Fail or Flare?
Last updated: June 2018
Psoriasis is weird, huh? It reminds me of a bratty teenager that is happy one moment and angry the next. There doesn’t seem to be any rhyme or reason to the shift in mood. Similarly, my psoriasis seems to be calm and out of the picture, then BAM! Plaques aplenty are all over my legs. This is what has been happening to me over the last few months. What started with one small patch on my shin has expanded to about 8 spots of varying sizes up and down both legs. It’s kind of funny—anyone else that had bloody, scaly wounds on their legs would be up in arms and rushing to urgent care. But to me, I initially felt, “Well this isn’t too bad. At least it isn’t covering my whole body again.”
I’m conflicted. How do I know if this is just a flare versus another biologic failing? My first biologic was deemed a failure by my dermatologist after plaques came back a mere three months after starting it. I have been secretly dreading going in with this update, because I am comfortable with this medication; I am used to it. The thought of starting a new one scares me. I’m scared it may have side effects that this one doesn’t have, but I am also scared that I am running through my options too quickly. I am constantly wondering if they will develop other treatments fast enough that I never have to be left without options. Because of this, I want to try and “stretch” this treatment as long as possible.
I can’t ignore that stress may be a factor. After all, I am being pulled in many directions with work, being a husband, a father, a friend, etc. Knowing stress is correlated to my flares is easier than actually doing something about it. As a dad of three, I don’t know what a quiet moment sounds like! This is one area I find myself getting frustrated. I’m stressed about trying to figure out how to reduce stress.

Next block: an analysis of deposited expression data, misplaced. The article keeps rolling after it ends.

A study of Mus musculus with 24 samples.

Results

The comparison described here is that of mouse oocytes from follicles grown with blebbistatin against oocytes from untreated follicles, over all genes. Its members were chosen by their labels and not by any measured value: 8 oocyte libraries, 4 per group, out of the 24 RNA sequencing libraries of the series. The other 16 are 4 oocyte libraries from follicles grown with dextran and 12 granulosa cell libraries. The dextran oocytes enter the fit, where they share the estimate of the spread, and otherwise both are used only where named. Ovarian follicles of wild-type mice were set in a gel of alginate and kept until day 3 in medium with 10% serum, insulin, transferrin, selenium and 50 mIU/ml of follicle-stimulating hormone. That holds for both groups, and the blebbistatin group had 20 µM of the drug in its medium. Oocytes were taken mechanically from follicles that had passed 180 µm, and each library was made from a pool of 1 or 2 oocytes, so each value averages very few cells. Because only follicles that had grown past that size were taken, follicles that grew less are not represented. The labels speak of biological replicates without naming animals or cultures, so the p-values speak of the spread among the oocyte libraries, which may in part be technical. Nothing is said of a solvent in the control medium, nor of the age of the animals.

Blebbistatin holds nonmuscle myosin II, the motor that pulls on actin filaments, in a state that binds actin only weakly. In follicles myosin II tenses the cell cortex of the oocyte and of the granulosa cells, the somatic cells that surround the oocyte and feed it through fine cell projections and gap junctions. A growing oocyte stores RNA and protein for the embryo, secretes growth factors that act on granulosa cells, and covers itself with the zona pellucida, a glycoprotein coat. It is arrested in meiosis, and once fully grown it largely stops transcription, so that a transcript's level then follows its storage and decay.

I understand that feeling this way is coming mostly from my emotional mind. My logical mind knows that even with a few patches, although they don’t seem as “bad” or “unsightly” and before, it means there is inflammation still in my body. I read a study about this once, and it has always stuck in my mind. They published this picture. 1
The PET/CT scan on the left shows a person with psoriasis, and the PET/CT scan on right is someone without psoriasis. This study goes on to say that inflammation could be seen in the skin, muscles, joints, liver, and arteries of the patient with psoriasis. This was a huge wake up call to me that psoriasis really isn’t just about the skin. If there is inflammation on the outside (my patches) there is inflammation on the inside.
Remembering this study made me come to the resolution that I need to see my doctor. Whether it is a flare or failure of my medication, the bottom line is that ignoring it isn’t going to make it go away. It’s really easy to get caught up in the disappointment of seeing those all-too-familiar lesions showing up, but if I’m too lackadaisical, I could find myself completely covered again. It’s better to try and get a leg up (pardon the pun) and not let my fears and stress win.